Land Grabs, Aung San Statue on Peace Talk Agenda: KNPP
The group will hold peace talks with government and Burma Army representatives this week.
By NETWORK MEDIA GROUP
Tuesday, July 16, 2019
The Karenni National Progressive Party (KNPP) says it will raise the issues of land confiscation and public opposition to a statue erected in honor of Burmese independence hero Aung San when it meets with government peace negotiators and Burma Army representatives this week.
“We will discuss what is happening on the ground in Karenni State, especially opposition to the bronze statue and the land confiscation issue. And we will also bring up the army’s prosecution of Karenni youths and farmers,” KNPP spokesperson Neh Nel Plo told NMG.
According to the KNPP, representatives of the group will meet with members of the government’s National Reconciliation and Peace Center (NRPC) on July 17 and the Burma Army’s Peace Negotiation Team on July 18.
The group said that it could not afford to ignore these two contentious issues.
“We have to consider what our people want. We can’t ignore their desire. So we have to discuss these issues with the government,” said Neh Nel Plo, adding that these two problems in particular were seen as “obstacles to the peace process”.
“Even if we did get peace based on the current ground situation, it wouldn’t be a long-lasting peace” if these issued weren’t addressed, he said.
Opposition to the Aung San statue—which is seen by many as an attempt to impose Burmese nationalism on ethnic minorities—has led to the arrest and imprisonment of six Karenni youths who are facing trial for organizing unauthorized protests.
Meanwhile, farmers are being charged with trespassing and damaging public property for attempting to reclaim confiscated land.
“The army has laid charges against farmers for plowing their own fields. It’s like the homeowners have been turned into guests in their own homes. Nobody is protecting them. Farmers didn’t even have an opportunity to meet the vice-president during his recent visit to the state. It all depends on our state government,” said Khu Tuu Reh, the chairman of the Karenni State Farmers’ Union.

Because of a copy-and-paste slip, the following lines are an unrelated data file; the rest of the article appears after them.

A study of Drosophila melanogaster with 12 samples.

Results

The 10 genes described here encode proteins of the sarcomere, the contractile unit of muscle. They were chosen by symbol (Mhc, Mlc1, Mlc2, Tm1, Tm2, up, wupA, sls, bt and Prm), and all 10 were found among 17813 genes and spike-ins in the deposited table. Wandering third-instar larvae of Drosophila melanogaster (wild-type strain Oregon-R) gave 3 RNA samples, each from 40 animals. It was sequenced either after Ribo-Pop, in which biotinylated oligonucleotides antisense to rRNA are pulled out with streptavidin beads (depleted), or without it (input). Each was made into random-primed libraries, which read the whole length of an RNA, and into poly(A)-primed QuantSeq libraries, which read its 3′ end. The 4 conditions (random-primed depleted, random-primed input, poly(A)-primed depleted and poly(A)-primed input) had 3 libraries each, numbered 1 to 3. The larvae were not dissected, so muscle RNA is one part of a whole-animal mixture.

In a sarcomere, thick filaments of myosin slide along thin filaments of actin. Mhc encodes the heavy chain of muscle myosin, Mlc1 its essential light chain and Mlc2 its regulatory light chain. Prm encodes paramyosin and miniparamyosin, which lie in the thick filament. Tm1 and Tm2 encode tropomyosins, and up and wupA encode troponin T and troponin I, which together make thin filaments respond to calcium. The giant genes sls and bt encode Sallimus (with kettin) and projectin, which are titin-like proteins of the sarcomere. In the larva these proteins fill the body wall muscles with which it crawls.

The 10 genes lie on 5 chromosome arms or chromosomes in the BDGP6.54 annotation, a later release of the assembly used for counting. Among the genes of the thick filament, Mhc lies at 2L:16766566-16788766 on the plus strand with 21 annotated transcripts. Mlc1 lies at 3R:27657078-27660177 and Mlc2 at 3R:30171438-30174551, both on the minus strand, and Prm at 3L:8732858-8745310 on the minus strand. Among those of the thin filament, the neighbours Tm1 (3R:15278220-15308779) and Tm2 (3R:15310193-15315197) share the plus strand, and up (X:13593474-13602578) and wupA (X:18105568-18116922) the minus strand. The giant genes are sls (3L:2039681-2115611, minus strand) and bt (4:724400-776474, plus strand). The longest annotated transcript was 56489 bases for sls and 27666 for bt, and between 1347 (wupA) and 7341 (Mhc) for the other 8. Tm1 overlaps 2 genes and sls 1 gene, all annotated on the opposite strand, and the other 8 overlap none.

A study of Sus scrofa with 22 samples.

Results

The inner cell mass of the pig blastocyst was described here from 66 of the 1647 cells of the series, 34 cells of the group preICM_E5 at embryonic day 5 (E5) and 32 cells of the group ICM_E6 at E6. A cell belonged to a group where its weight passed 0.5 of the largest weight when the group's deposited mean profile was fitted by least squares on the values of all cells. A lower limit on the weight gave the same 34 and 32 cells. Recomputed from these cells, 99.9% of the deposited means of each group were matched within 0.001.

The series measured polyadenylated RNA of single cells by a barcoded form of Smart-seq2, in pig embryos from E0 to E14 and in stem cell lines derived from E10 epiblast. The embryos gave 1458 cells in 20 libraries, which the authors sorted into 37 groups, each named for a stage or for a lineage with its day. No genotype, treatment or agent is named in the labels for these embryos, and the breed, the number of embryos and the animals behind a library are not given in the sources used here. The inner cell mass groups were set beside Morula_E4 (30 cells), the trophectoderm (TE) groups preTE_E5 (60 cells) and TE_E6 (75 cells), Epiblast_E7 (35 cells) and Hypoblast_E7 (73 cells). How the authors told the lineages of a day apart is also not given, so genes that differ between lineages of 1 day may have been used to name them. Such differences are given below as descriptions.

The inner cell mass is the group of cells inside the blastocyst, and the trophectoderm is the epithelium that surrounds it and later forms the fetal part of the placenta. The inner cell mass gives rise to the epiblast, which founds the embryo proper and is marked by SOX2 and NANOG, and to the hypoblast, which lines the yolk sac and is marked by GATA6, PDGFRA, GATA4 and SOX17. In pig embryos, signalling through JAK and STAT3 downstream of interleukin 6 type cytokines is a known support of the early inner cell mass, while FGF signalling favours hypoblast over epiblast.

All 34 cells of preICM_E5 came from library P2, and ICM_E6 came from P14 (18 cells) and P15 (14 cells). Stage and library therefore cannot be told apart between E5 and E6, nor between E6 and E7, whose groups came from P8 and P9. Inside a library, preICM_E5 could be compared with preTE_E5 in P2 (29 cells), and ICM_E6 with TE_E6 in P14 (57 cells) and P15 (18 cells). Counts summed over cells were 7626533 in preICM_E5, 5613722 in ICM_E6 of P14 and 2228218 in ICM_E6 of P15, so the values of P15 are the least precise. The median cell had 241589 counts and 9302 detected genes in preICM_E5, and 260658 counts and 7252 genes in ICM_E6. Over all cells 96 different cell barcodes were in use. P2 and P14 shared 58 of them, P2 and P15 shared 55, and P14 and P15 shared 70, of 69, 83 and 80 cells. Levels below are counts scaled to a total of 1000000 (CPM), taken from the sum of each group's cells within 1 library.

Regarding this week’s talks, he added: “We are happy to hear the KNPP will discuss land issues with the NRPC. We want to get our farmland back from the army. We also want police to release our detained farmers. We thank the KNPP for raising these issues in the peace talks.”
According to Neh Nel Plo, the KNPP spokesperson, the land issue will be discussed directly with the army’s representatives during talks on Thursday.
“The land confiscation issue is directly linked to the army, so we will discuss it with the army’s representatives. We will also discuss other issues with them, including the murder of KNPP soldiers, the murder of a civilian, and the establishment of new military camps in Karenni State,” he said.
Seven KNPP representatives, led by Vice-chairman Khu Oo Reh, will meet with representatives of the NRPC and the army.
Also on the agenda will be the possibility of the KNPP signing the Nationwide Ceasefire Agreement (NCA). However, the group said it still hesitates to sign the agreement because of unresolved issues in Karenni State and the lack of progress made by other NCA signatories.